Former SMU guard Sterling Brown is making the most of his opportunity as he started all four games of the Milwaukee Bucks first-round sweep of the Detroit Pistons.
Brown averaged just over eight points, five rebounds and three assists as he started alongside Kris Middleton on the wing all four games.
The former SMU guard’s opportunity came down the stretch as the Bucks worked through a rash of injuries.
It started when Malcolm Brogdon, the NBA’s rookie of the year in 2017, went down with a plantar fascia injury in early March that was likely to force him to miss at least the first round of the playoffs. The Bucks then lost Tony Snell (ankle) and Nikola Mirotic (thumb) in the span of a week opening the door for Brown to receive his first start during a March 26 game against the Houston Rockets. Brown finished with eight points and 11 rebounds, but more importantly matched up against Houston Rockets guard Chris Paul, holding him to 19 points and four assists, as Paul also turned the ball over twice.
Against the Pistons, his assignment was Luke Kennard, who scored a team-high 21 points in Game 1 but was held to just five points when Brown guarded him during Game 2. During the Bucks’ close-out win over the Pistons, Brown finished with nine points, six assists, a steal and a career-high 13 rebounds.
Bucks head coach Mike Budenholzer, recently praised the toughness the former SMU guard brings to the lineup even if he doesn’t offer the same offensive firepower of Brogdon.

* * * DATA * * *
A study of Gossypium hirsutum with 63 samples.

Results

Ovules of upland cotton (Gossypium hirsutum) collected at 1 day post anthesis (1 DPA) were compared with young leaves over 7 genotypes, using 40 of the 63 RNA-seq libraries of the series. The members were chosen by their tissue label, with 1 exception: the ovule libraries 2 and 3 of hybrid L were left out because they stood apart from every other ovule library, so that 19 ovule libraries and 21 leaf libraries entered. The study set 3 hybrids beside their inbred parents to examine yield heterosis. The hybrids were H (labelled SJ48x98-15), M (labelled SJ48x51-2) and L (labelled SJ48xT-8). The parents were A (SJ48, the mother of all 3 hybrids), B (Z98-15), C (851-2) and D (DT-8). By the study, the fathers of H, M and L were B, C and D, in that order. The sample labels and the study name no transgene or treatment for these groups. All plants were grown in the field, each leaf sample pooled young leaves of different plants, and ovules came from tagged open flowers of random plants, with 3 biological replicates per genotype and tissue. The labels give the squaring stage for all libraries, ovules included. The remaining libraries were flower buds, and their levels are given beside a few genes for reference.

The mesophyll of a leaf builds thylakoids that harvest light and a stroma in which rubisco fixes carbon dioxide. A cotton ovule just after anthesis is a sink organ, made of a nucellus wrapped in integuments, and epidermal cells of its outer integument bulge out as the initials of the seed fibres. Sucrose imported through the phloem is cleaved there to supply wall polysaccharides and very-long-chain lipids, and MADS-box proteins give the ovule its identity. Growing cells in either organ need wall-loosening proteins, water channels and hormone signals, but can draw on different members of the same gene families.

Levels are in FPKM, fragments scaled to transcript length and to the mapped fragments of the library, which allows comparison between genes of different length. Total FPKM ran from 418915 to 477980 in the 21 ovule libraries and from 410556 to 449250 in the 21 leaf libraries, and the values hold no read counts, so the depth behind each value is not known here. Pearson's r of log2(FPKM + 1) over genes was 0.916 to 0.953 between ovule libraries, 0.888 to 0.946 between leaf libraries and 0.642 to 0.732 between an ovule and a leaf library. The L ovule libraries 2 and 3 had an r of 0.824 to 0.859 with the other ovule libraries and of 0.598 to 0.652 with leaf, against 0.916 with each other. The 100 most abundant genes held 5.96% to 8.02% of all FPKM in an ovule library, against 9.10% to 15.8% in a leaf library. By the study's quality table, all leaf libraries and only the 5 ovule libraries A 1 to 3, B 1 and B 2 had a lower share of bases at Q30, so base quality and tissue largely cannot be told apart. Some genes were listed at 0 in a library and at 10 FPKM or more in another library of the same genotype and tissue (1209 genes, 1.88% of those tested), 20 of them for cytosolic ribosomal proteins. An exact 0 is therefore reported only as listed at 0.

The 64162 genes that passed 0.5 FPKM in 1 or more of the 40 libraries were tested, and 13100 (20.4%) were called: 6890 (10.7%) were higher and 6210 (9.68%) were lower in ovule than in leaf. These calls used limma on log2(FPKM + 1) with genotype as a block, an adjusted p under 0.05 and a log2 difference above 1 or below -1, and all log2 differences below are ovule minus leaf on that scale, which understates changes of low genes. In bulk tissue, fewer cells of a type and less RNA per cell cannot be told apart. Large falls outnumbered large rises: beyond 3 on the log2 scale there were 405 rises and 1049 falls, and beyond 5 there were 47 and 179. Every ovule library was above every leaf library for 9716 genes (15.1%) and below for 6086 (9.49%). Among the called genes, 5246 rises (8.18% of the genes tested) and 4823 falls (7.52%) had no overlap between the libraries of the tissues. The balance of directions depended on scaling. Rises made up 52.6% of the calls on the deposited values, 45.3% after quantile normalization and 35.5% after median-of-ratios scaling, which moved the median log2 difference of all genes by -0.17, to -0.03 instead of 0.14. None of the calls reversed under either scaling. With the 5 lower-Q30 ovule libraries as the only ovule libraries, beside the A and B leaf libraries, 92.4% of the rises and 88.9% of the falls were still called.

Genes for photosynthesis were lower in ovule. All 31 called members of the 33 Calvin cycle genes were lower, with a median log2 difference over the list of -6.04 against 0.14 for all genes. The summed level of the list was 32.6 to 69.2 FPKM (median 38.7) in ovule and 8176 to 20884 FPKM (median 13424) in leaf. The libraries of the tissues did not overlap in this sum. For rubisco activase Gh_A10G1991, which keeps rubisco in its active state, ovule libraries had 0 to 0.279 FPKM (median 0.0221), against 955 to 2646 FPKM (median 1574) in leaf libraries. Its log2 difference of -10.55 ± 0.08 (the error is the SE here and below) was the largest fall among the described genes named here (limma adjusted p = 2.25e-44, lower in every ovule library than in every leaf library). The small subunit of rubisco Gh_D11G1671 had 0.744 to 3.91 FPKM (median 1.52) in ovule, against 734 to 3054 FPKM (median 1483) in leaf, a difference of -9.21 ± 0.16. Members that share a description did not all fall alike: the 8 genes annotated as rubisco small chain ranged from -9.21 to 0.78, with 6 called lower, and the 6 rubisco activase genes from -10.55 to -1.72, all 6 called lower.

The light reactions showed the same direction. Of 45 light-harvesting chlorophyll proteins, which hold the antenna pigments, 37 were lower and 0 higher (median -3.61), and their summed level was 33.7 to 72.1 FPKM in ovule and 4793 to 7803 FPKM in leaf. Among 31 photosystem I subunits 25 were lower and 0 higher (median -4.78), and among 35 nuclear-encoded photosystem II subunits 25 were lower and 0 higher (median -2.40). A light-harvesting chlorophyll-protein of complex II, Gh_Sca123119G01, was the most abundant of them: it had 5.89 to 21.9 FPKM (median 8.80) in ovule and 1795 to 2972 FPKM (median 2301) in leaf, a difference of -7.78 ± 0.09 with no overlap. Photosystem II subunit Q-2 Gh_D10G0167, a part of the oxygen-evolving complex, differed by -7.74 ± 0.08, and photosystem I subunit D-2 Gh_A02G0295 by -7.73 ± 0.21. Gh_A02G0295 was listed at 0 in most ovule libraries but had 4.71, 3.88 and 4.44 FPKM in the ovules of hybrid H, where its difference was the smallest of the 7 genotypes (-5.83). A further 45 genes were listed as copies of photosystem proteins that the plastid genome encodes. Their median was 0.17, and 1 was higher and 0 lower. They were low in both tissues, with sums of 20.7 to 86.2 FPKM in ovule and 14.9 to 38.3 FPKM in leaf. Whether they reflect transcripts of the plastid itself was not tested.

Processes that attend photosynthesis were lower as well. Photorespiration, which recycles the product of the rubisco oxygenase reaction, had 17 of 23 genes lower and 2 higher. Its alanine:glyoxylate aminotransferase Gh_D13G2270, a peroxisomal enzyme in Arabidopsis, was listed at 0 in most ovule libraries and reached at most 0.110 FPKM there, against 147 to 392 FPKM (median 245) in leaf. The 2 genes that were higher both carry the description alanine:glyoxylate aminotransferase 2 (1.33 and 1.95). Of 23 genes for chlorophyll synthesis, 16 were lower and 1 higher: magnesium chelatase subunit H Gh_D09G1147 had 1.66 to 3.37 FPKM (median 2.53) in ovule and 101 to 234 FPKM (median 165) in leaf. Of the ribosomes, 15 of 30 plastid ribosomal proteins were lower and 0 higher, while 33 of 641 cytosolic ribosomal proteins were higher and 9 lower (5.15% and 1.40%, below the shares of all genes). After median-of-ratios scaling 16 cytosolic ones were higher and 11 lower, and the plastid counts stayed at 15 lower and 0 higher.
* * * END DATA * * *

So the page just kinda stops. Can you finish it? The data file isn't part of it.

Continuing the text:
“Almost everything we talk about starts with defense, and Sterling’s physicality and size, he’s brought a nice added element,” Budenholzer said. “Offensively he’s shot the ball really well all year and he’s getting more comfortable as a playmaker and passer.”
Although Brown didn’t receive much playing time early in the season, appearing in just 58 games and playing double-digit minutes in just four of the team’s first 21 games he continued to stay ready at a time the Bucks needed him with questions swirling about how the team’s recent run of injuries would affect the team in the playoffs. Against the Pistons, Brown averaged 25.8 minutes per game and was one of the unsung heroes in a physical series against the Pistons.
“It shows how we got each other’s back and stay true to our principles we’ve had in place all year,” Brown said. “They gave us a great shot, they came out firing on all cylinders, knocking down shots, getting pretty much whatever they wanted to do. We held strong and stayed together and came out with the win. It was pretty physical, I’d say the last two games were about even, they brought it … they had no choice, they had to.”
The Bucks will need more of the same from Brown, as Brogdon is expected to miss at least the first two games of the Bucks next series against the Boston Celtics. Snell returned in Game 3 but played just over five minutes in the final two games of the series.